Saturday, 11 July 2015

Zero Commitment

The first Zero Carbon  Home by Kingspan. It was built on the BRE Innovation Park
One of my many personal failings is that I am always surprised when Government does the wrong thing. Given the inglorious record of the 'Greenest Government Ever' I should be used to the many disappointments by now. The lastest is the complete abandonment of the Zero Carbon Homes policy. This was due to come into force next year and was already mired in controversy as energy efficiency standards to comply with the policy had been diminished and a system of 'allowable solutions' introduced meant that builders could affordably make up for the carbon saving shortcomings by some carbon saving activity off site e.g. planting trees or mitigation activity in existing buildings. The 'allowable solutions' regime already looked pretty dubious but even that has now been dropped. There were also legitimate concerns backed up by a study showing that so called exemplar eco efficient homes were not performing as well as they were supposed to bringing into question the whole approach being taken by Government with Zero Carbon Homes.

It started off so well with a lot of innovation and experimentation carried out by industry to see how they might achieve these standards. Kingspan went to considerable effort to build the UK's first net zero carbon home back in 2010. A number of developers worked with the Building Research Establishment to develop ways of reaching this new standard. A Zero Carbon Hub was established in 2008 with a wealth of professionals in the energy and building sector who together have put in thousands of hours of work . Their role was to "take day-to-day operational responsibility for achieving the government’s target of delivering zero carbon homes in England from 2016"  They must be seriously asking themselves now whether Government has let them down and wasted a considerable amount of their valuable time.

 Why? Is the question.Well it is to help hard pressed developers reduce costs & regulation so they will build more homes. The reaction from developers however does not appear to have been at all positive. They definitely sound like they have been seriously mucked about by Government. Roy Lambe of Wilmott Dixon was reported in the Architects Journal today saying the following,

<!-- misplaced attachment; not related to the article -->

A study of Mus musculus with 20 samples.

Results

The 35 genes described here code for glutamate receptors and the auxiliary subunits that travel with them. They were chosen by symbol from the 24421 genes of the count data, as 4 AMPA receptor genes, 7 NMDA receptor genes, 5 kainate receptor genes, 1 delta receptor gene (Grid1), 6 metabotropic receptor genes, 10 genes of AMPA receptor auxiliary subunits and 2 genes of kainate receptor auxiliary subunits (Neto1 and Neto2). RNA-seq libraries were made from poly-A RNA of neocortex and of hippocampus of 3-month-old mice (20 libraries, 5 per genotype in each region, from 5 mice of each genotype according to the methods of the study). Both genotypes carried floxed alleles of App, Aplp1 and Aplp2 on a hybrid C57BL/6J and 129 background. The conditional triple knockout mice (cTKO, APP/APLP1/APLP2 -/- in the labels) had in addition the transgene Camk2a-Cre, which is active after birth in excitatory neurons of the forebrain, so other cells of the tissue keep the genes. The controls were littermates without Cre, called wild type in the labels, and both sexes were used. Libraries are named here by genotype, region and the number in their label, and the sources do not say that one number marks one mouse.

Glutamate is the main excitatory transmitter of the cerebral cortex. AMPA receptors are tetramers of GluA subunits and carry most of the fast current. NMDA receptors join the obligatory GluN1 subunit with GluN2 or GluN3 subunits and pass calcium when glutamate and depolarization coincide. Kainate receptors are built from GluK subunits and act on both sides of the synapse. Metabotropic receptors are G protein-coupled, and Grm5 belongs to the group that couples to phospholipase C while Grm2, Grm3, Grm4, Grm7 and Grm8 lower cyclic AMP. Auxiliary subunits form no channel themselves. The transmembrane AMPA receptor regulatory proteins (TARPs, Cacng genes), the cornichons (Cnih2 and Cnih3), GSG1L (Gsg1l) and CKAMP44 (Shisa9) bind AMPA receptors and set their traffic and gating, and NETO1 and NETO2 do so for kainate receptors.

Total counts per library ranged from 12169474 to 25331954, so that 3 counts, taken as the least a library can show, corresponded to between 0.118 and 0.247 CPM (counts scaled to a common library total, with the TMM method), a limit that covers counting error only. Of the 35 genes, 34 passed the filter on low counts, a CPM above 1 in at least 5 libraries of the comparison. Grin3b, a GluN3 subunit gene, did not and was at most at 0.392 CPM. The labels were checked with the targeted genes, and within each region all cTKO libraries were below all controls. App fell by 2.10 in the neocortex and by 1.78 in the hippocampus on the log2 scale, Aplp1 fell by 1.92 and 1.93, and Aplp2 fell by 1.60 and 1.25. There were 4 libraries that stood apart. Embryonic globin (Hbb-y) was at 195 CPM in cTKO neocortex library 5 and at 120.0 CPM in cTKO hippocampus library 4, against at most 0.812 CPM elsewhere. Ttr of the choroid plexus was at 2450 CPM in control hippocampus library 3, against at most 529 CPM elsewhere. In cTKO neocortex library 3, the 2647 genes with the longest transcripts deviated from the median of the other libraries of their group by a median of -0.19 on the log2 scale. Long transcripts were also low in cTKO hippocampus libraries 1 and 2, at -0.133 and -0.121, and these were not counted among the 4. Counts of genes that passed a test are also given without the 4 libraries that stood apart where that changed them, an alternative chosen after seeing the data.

“Since the original zero-carbon announcement, Willmott Dixon has been supportive of setting a long-term trajectory, enabling industry to invest with confidence. This announcement seriously undermines industry confidence in government policy and will diminish future investment.”

Here's Julie Hirigoyen, Chief Executive of the Green Building Council in todays Guardian

 “It is short-sighted, unnecessary, retrograde and damaging to the housebuilding industry, which has invested heavily in delivering energy-efficient homes. Britain needs more housing, but there is no justification for building homes with a permanent legacy of high energy bills.”

The whole Zero Carbon homes policy has had poor support from Government for years and the lack of a  robust Building Control regime meant that there were serious doubts as to how these properties would perform anyway. This is the reason why the Green Party advocated the Passivhaus standard in our manifesto. It is an internationally recognised energy performance standard for buildings that is assessed using a quality assurance method. The real fundamental strength of the Passivhaus Standard  is the fact that the UK Government has nothing whatsoever to do with it and long may that continue.


  1. The idiocy of this latest announcement beggars belief. These houses are not like bread-buns, here today & gone tomorrow. They will be here for decades to come - wasting energy, putting occupiers into fuel poverty, denying our commitments to reduce carbon emissions. Just a little care and attention (and a lot of sticky tape!) creates a Passivhaus - no fancy extras - and this Government has just let slip away something which housebuilders were geared up to deliver but (now that they don't have to) probably won't. I am amazed at how daily I am able to be disappointed yet again, like you, by this Government's manifest failures.

  2. I really wish that all members of this government would take time out to do permaculture studies. Then we might see the scales falling from their eyes. It's systems thinking that they need to learn. On a planetary and multi-disciplinary scale.